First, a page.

How to avoid Amazon’s adult filter

Last week I published my short story collection, Voices of Lust. The stories cram a lot of sex into just a few words. And I’m not afraid of words. I use words like fuck, cock and pussy. I use lick, hard and nipples. Even cum, balls and masturbate.

So when Mischa Eliot told me that I’d been adult filtered at Amazon, I didn’t really think much of it.

“Why is that a problem?” I asked in my naivete.

My thinking was, if an adult filter exists, surely it’s applied to all erotica.

But no, that’s not the case at all. After checking, I found out that there are some really questionable titles sitting happily on this side of the adult filter.

So I looked over my product description, and changed the word “masturbate” to “fantasize”. I then sent Amazon a nice email asking for them to review the fact that they applied the filter. And I got a nice email back saying it’s been removed and sorry for any issues it might have caused.

I didn’t have to change the content of my book. Nor did I have to change the cover or the keywords. Just that one word in the description.

And I think I get it. I think I understand the reason behind that decision.

I think Amazon knows that when someone buys your book they’ve already decided they’re happy with the content. They’ve made an adult, grown up choice to read about sex.

But searching the Kindle store can be hit and miss. If something offensive comes up in the search, that hits their sales. It’s like browsing through the shelves and suddenly coming across a ten inch dildo. It’s one thing when you’re at Ann Summers, another when you’re grocery shopping with the kids.

My point is, I was naive. Hopefully you can avoid the same mistake. Make sure your description is descriptive, but avoid potentially controversial words. If you’ve been filtered already, check your description, edit it, and then email Amazon to ask for a review. I can’t promise it will work, just like I can’t guarantee that my book will stay out of the “adults only” department. Amazon might change their minds, and I can’t stop them.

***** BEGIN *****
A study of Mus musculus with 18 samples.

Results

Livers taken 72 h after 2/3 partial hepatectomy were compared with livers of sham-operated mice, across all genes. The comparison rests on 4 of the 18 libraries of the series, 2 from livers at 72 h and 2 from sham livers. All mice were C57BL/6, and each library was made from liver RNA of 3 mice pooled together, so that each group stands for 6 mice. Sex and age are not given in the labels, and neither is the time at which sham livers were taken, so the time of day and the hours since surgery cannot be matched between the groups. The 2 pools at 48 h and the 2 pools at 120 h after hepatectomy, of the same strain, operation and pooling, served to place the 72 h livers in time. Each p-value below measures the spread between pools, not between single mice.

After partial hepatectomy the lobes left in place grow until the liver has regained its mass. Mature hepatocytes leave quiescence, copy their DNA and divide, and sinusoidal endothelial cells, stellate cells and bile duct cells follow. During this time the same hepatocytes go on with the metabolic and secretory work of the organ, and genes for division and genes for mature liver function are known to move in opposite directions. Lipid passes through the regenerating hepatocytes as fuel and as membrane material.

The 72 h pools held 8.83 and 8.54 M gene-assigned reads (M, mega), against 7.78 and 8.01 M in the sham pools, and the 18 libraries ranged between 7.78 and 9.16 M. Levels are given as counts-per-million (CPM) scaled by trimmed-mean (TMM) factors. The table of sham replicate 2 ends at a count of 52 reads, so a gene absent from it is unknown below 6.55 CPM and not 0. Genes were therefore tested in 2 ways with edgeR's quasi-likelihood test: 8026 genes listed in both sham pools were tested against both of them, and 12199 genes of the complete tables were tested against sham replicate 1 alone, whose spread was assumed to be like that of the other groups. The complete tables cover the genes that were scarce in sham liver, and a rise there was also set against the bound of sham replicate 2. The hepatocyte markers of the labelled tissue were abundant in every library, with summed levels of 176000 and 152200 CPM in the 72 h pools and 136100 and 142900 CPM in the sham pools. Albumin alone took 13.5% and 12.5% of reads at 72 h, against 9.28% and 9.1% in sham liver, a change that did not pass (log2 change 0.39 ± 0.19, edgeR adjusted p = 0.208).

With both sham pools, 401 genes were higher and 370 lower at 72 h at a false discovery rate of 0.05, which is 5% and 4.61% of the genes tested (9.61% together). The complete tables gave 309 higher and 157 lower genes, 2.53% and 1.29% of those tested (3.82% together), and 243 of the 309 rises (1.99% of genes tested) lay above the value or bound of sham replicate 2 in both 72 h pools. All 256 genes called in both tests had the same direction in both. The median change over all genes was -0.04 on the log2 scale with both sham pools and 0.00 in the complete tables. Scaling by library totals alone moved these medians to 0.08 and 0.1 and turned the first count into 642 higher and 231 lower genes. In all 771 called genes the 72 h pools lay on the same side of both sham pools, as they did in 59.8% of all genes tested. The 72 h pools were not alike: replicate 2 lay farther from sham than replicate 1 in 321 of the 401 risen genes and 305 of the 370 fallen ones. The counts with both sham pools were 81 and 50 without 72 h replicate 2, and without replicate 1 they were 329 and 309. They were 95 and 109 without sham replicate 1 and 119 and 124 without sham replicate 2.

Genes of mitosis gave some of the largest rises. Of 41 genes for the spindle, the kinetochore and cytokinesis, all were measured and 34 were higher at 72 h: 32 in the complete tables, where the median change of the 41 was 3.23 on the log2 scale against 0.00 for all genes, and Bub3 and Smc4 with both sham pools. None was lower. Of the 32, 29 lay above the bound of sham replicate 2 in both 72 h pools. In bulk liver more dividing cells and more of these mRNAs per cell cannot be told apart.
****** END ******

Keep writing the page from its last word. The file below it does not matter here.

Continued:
But why make it harder on yourself?


Voices of Lust is FREE on Amazon, currently unfiltered. It’s also free at lots of other retailers. There’s a print version, too.


  1. Pingback: How to avoid Amazon’s adult filter | charlottehains

  2. There are plenty of people who wear the adult filter like a badge, and that’s all well and good. If there had been any other issues they also would’ve told you. I know people who have had to change covers, blurbs, and more in order to get it taken off. Some care, some don’t, but either way it affects how people find your books. After being sent to the dungeon for being too naughty, the only way to really find your book is to be specifically searching in the Kindle section, knowing the author name, the title, or specific keywords used. I try to avoid the filter. I want people to find my stuff. I want to be a ‘happy accident’ until I get my stuff together and start producing longer, better work.

    • I can understand the mindset of being proud of the adult filter, but it hits sales, particularly for those of us who haven’t built up much of a following yet. As I said to you before, I’m not going to worry too much if one of my stories gets filtered, but particularly with “Voices of Lust”, which I’m putting out for free as a promotional effort, it kind of ruins that if nobody can find it, lol.